Baltimore residents relieved But many think all 4 were guilty

April 18, 1993|By Jonathan Bor and Michael A. Fletcher | Jonathan Bor and Michael A. Fletcher,Staff Writers

Whether black or white, Baltimoreans seemed relieve yesterday that a Los Angeles jury convicted two police officers in the Rodney G. King beating, but some said the acquittal of two others meant only partial justice was served.

Baltimore police were placed on longer shifts and doubled up in patrol cars. Like other people, they were pleased that city streets remained quiet after the verdict. Most declined to offer personal views on the jury's decision.

Gentle spring breezes set the tone for city residents, on a day perfect for stoop-sitting, car-washing and skateboarding down sidewalks. But most people had seen the videotaped beating countless times and were quick with an opinion.

Sympathy for Mr. King and disapproval of the officers' conduct were evident in nearly all-white Canton as well as in the predominantly black areas between Liberty Heights Avenue and Reisterstown Road.

Despite differences of color, the neighborhoods share the economic middle-ground: household incomes in the mid- $20,000s, homes renting in the $300s and houses selling for $40,0000 to $60,000.

In Northwest Baltimore, most people seemed to think that all four officers should have been convicted, although no one seemed angry about yesterday's verdict.

"After the first trial, I was real upset," said Carol Means, as she strolled along the shopping strip near Liberty Heights Avenue and Garrison Boulevard. "I feel a little bit better this time. But I really think all of the officers should be convicted.

Ms. Means said there was one reason that all four officers were not convicted long ago: Mr. King is black, and the officers are white.

"I still think that blacks in some cases don't stand a chance," she said.

But Marquest Coleman, a Baltimore firefighter who was also out shopping, said the problem was not race but the danger of police officers who cross the line.

"I have no problem with the verdict. I just think the police stepped beyond their authority," Mr. Coleman said. "I think [Mr. King] was abused, even if he was buzzing on something. But I don't think it was a racial thing. It could have happened to a white guy, a Korean guy or a Hispanic guy."

Mr. Coleman said he has had several relatively minor run-ins with police officers -- black and white.

Once, he said an officer followed his car for several miles before ++ accusing him of trying to run the police car off the road. The officer, like Mr. Coleman, was black. The incident ended when another officer came up and determined nothing had happened. That officer was white.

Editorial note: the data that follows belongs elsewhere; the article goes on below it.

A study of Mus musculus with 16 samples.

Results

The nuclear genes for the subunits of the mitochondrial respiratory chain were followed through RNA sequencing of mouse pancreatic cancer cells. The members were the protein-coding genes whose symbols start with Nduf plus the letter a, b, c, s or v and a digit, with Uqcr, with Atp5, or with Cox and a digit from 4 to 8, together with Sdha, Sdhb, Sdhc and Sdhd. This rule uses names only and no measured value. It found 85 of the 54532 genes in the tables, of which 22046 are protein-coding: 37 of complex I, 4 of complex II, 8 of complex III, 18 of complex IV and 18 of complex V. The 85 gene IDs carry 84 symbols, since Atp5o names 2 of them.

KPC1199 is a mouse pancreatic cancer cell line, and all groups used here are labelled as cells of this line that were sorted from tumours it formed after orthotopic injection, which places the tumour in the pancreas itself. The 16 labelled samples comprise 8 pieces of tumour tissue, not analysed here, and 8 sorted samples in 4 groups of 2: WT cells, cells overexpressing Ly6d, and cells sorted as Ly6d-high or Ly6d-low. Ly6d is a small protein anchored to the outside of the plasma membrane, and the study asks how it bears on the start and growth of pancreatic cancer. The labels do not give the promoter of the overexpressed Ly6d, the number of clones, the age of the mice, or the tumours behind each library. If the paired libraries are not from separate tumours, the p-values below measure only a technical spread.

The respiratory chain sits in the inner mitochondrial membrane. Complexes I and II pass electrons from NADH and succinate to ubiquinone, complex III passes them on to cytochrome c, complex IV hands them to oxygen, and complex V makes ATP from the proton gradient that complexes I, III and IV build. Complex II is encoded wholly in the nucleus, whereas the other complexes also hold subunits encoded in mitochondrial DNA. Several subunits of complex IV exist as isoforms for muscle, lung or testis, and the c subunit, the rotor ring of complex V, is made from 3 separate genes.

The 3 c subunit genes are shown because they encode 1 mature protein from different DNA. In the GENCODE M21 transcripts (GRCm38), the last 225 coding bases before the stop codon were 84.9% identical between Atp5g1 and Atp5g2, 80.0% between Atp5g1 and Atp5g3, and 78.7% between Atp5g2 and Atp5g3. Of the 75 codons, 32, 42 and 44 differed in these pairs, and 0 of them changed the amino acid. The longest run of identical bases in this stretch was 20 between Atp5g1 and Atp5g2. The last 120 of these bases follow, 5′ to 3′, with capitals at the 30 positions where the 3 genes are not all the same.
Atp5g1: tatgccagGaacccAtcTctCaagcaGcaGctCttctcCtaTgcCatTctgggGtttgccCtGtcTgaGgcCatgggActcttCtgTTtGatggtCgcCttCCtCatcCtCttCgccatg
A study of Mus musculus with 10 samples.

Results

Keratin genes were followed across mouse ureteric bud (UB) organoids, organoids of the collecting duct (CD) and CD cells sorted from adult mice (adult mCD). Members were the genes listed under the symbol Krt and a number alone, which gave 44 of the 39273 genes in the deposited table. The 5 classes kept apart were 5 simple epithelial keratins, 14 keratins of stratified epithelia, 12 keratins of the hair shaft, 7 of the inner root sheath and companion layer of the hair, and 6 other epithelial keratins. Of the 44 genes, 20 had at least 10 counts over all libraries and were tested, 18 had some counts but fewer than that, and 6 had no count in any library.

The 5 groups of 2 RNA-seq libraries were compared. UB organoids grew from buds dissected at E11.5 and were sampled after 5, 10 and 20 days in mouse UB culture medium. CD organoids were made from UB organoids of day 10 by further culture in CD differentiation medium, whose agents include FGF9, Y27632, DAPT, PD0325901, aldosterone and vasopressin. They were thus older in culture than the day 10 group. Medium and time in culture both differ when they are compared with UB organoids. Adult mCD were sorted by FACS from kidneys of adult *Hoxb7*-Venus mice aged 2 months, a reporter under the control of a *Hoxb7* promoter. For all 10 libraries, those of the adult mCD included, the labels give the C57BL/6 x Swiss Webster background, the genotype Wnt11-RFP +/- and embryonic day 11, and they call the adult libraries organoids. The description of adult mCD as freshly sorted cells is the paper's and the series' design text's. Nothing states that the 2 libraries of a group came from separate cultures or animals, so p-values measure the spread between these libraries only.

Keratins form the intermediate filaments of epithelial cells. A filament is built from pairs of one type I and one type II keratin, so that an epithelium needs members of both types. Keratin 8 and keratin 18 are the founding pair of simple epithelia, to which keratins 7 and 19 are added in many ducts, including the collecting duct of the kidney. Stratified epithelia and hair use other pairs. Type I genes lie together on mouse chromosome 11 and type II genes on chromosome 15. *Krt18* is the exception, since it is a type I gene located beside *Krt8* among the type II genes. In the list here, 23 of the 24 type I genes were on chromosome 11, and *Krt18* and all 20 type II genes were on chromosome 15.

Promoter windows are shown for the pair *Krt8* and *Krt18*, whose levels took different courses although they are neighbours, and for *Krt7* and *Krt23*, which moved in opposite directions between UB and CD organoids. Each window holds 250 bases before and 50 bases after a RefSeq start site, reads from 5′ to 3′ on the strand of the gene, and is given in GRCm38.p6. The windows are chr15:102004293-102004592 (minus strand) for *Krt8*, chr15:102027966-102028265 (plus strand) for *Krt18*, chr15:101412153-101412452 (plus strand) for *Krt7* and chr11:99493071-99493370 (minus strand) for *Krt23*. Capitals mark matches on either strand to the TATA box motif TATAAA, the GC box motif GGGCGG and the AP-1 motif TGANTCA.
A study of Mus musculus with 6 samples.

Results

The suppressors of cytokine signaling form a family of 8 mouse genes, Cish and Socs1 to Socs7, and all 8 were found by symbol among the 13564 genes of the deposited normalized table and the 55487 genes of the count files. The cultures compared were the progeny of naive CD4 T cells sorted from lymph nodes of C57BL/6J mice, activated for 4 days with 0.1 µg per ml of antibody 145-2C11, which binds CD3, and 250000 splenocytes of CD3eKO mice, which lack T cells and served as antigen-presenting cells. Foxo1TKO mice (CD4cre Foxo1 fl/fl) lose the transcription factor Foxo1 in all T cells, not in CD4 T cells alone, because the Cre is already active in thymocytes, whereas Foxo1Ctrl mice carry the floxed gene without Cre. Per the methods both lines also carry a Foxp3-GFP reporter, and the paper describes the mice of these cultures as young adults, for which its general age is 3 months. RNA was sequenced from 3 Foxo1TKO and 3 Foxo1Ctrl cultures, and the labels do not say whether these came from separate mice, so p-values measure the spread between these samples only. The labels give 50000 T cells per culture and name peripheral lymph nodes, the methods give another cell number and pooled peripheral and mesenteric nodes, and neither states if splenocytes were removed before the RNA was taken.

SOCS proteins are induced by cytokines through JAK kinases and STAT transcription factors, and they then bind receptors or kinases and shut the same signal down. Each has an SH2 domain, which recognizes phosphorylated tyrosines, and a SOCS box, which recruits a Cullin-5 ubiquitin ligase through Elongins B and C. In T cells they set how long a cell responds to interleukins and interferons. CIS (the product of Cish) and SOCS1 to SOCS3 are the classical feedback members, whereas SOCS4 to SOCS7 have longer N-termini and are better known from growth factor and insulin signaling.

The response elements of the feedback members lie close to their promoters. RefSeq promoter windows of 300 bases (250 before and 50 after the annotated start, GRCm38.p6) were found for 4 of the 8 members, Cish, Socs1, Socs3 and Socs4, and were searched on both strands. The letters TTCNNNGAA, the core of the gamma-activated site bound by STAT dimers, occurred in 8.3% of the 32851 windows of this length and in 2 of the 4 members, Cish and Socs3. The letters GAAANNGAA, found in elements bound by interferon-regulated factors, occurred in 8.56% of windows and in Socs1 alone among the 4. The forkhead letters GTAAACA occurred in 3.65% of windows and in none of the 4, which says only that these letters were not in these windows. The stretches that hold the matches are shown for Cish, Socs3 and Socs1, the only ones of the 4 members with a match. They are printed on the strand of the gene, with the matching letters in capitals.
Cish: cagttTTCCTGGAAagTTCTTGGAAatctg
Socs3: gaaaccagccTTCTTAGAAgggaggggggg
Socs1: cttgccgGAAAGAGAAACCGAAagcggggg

"I've been stopped, I've had cops say things to me that were inappropriate, but that goes for whites and blacks," he says. "I think cops in general have a problem dealing with authority."

Shirley Cosby Huffine had just finished cutting her front lawn when she was asked about the verdict. All in all, she said, the jury probably did the best thing.

"I think they probably reached a compromise verdict," said Mrs. Huffine, a lawyer who lives on Dorchester Road. "I can't imagine that the result of the last trial and everything that followed it didn't go through the minds of most jurors."

Residents in Canton sounded similar themes.

"I think the cops were wrong for beating him," 19-year-old Marcia Nauman said outside her rowhouse two blocks below Patterson Park. "I think lots of cops are getting away with a lot. They beat my brother like that, and they got away with it."

George Darraj, a man of Greek extraction who moved to Baltimore from Israel several years ago, stood at his Fait Avenue store, Reem's Food Market.

"The four of them should be guilty because they were all together," he said. "Everybody has rights. The police should behave humanely with everybody, whether they are black, white or yellow."

Like many other Baltimoreans, Mr. Darraj said he felt the jury struck a compromise: convicting two officers to avert a riot, acquitting two to show understanding for the police.

Behind the counter at Chris' Seafood on South Montford Avenue, owner Paul Crist said the compromise was wrong.

"They were all in it," he said. "They should all be guilty. I just think they used the two [who were convicted] as scapegoats."

Sgt. Jerry DeManns of the Western District station said: "I'm not happy or sad. I didn't get involved with the nuts and bolts of what went on with the case. My only concern is what goes on in Baltimore . . . and if Baltimore can remain calm, great."